Google's Human Resources Goes Algorithmic

The Wall Street Journal recently published an article examining Google's attempts to become proactive toward identifying disgruntled employees by using analytic software and Google's old faithful, the algorithm. This comes on the heels of i4cp's Mark Vickers articles "Digitized HR: How paranoid should you be?" and "Byting Your Knowledge Workers: The Next Productivity Revolution", both detailing the emergence of analytic software for making workforce planning decisions.

Google, which has made billions with a secretive array of algorithms used for everything from search queries to advertising competitiveness, is now taking a similar approach to looking inward at its employees. Concerned about the recent exodus of several top executives and critical personnel, Google has begun to process employee reviews, promotions and pay histories to analyze and identify who is most likely to quit.

According to the article, "current and former Googlers said the company is losing talent because some employees feel they can't make the same impact as the company matures. Several said Google provides little formal career planning, and some found the company's human-resources programs too impersonal."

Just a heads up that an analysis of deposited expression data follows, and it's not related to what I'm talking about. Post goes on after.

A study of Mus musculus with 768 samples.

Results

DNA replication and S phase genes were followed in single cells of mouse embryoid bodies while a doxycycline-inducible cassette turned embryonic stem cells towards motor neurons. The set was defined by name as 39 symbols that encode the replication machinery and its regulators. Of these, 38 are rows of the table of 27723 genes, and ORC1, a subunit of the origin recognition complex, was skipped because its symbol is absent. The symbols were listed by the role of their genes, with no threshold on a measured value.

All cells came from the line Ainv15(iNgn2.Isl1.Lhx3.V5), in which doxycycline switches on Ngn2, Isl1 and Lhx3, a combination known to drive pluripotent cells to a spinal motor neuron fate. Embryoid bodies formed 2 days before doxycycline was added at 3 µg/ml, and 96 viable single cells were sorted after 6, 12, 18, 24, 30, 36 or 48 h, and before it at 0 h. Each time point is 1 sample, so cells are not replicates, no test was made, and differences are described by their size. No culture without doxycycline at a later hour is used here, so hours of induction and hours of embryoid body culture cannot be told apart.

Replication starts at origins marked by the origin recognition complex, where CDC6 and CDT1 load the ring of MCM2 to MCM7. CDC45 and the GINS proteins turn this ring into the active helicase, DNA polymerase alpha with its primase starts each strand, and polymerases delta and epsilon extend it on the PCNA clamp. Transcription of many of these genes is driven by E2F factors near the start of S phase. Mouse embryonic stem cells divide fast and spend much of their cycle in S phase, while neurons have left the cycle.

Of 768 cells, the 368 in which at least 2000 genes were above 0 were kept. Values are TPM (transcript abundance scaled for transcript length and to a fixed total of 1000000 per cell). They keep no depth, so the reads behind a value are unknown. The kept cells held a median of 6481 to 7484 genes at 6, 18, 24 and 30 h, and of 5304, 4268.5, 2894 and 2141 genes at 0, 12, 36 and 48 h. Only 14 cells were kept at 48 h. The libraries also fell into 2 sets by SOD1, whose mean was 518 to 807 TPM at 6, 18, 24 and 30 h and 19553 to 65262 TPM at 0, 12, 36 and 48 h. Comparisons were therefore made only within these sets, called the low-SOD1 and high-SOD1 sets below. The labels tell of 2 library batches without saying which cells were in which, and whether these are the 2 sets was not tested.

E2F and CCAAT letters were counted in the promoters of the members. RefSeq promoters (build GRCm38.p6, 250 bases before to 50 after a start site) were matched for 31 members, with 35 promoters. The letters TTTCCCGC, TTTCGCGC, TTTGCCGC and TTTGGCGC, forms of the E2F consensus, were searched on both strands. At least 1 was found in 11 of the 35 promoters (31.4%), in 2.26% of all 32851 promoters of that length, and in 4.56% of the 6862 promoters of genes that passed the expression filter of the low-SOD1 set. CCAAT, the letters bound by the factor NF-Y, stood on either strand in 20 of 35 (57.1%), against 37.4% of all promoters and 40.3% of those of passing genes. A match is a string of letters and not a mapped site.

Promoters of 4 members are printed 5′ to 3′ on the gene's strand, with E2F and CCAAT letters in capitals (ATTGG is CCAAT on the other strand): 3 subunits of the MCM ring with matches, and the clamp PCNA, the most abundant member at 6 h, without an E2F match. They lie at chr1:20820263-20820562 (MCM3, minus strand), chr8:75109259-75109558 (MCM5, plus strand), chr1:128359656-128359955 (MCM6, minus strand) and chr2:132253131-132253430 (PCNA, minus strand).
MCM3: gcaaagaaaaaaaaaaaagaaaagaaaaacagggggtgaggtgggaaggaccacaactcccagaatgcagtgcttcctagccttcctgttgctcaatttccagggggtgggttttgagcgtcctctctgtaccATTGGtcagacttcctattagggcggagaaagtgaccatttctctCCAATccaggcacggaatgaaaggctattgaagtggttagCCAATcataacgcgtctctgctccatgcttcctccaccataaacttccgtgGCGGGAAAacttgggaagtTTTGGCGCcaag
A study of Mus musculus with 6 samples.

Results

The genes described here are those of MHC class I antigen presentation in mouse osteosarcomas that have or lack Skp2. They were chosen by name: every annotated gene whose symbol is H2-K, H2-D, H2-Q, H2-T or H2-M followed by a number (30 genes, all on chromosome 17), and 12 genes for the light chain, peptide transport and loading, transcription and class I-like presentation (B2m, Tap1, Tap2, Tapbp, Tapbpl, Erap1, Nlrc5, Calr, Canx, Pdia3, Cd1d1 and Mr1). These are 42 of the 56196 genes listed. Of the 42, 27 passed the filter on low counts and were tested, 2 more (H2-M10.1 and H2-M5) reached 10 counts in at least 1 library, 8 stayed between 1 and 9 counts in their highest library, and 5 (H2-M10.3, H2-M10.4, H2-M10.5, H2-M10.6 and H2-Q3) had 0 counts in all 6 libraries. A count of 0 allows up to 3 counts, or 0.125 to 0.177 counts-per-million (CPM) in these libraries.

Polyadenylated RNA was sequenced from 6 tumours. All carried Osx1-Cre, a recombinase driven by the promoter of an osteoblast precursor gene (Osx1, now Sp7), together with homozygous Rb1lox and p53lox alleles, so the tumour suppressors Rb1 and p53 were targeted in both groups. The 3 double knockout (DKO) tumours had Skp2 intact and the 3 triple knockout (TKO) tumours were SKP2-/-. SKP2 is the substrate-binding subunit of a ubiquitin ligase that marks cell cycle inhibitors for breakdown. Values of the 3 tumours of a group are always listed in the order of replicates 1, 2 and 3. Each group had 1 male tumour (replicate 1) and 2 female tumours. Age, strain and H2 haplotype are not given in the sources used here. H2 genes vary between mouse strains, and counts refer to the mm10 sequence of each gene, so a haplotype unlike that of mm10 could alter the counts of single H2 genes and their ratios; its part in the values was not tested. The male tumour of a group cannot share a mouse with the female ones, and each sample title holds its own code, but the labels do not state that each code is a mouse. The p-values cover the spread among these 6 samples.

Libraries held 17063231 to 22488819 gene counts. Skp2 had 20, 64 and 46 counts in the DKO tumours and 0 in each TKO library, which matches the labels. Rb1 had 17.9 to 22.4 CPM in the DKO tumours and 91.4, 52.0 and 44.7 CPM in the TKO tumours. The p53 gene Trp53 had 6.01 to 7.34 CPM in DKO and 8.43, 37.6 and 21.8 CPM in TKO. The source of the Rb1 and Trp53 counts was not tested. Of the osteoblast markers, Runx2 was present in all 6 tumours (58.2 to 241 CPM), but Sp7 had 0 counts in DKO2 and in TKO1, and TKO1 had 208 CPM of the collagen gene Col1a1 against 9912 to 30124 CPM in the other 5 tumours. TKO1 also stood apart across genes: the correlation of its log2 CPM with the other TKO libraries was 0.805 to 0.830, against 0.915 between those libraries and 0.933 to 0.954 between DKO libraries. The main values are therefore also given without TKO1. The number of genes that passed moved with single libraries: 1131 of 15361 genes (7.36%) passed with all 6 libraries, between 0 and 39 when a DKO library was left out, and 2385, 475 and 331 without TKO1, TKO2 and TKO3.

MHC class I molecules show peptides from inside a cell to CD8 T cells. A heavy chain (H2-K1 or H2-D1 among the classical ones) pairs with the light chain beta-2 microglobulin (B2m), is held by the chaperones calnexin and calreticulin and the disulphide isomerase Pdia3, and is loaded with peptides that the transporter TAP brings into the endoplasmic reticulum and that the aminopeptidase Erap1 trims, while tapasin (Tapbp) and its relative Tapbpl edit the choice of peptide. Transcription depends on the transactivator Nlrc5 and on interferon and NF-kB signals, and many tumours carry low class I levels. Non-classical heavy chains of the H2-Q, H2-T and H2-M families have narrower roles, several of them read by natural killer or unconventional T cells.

Well nothing says personal like an algorithm. This one will help identify who is more likely to leave, perhaps "even before they know they might leave," said Laszlo Bock, the head of human resources for Google.

The company, however, is not doing away with more traditional methods. Instead, the algorithm is meant to synergize with a greater emphasis on employee training and leadership meetings to discuss talent issues.

It's no real surprise that Google has turned to an algorithm to address a problem, though if employees find the current human resources program impersonal, this is an interesting direction to go. At the same time, if it's truly used as one of many tools to address talent issues before they arise, there is great potential here.
Erik Samdahl
Erik is the head of marketing at i4cp, and has nearly 20 years in the market research and human capital research industry.